Tomorrow, the RoboSlam volunteer team is launching a new workshop, called ArcadeSlam. Whereas the RoboSlam robot-building workshop takes 2 hours for assembly and 3 hours for programming, ArcadeSlam offers participants the experience of assembling their own mini-arcade game in just 90 minutes.
On November 23 and 24, eight DIT staff and six DIT undergraduate students will work together to deliver three ArcadeSlam workshops to students from the Grangegoreman area. Sixty-one student participants, aged 12-14, will assemble and compete in CopyCat, an electronic game designed by Frank Duignan that is part of a larger repertoire of mini-arcade games by this DIT Lecturer to expose students to electrical and electronics engineering.
CopyCat is a game that requires the student to assemble a mini-arcade game platform using a breadboard and simple electronic components. In operating the platform and playing the game, the student tries to copy a random sequence or lighting pattern (presented via four coloured LEDs). The goal is to copy the longest sequence, thus “copycatting” what the console lights show, by pressing buttons in a sequence to match how the LEDs are flickering on and off.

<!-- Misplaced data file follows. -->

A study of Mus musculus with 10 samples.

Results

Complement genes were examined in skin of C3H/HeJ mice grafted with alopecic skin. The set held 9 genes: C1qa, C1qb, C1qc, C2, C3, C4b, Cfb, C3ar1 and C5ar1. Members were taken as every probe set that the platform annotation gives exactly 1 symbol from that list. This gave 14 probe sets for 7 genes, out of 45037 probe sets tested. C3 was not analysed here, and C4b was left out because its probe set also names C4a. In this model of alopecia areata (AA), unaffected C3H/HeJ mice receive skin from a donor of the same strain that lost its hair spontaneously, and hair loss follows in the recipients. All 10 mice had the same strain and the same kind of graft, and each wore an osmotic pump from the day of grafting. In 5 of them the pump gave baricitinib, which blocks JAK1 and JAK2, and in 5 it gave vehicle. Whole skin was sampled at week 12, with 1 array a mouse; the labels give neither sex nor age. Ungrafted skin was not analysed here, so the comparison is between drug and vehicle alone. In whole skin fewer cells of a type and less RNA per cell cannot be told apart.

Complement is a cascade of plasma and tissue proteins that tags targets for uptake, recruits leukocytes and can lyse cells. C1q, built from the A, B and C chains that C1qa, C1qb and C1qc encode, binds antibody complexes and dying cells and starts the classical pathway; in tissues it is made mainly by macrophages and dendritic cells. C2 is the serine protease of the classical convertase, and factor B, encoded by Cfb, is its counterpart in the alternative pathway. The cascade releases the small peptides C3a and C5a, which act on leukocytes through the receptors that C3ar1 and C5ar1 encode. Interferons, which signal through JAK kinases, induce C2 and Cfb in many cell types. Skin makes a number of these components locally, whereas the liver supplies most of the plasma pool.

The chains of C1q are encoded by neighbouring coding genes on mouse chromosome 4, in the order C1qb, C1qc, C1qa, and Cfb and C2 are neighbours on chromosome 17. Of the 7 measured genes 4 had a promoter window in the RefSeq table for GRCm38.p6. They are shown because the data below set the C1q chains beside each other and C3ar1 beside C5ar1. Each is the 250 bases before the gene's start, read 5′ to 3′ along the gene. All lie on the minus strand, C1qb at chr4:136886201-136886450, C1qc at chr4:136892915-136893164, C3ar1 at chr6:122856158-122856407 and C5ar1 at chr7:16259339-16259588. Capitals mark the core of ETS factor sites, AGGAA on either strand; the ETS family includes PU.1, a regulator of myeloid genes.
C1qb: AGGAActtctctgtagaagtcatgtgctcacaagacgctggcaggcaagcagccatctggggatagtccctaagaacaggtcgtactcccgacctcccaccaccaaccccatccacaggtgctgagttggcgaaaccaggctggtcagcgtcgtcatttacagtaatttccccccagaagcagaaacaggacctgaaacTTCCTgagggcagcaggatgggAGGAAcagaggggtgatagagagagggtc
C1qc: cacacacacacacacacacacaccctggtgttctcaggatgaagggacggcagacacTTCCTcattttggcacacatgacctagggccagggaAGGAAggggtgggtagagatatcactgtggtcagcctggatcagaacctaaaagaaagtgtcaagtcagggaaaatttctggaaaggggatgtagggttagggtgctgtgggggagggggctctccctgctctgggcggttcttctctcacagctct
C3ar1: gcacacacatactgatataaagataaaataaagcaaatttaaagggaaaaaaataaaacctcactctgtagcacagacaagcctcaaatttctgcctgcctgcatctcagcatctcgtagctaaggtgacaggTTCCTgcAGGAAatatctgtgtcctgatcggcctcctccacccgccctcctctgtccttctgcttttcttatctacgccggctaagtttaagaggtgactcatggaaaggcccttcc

The CopyCat game platform uses the amazingly versatile TIMSP430G2553 memory chip by Texas Instruments and is easily assembled using off-the-shelf parts. The low cost of the memory chip makes this project great for groups of all sizes. Pictures are provided to guide students through the assembly process.
Part one of the 90-minute workshop will involve an explanation about the circuit and components. Part two will involve assembly of the games. Part three will feature a competition to see who copies the longest sequence. Overall, participants will get some background theory, do some assembly, and engage in a bit of fun.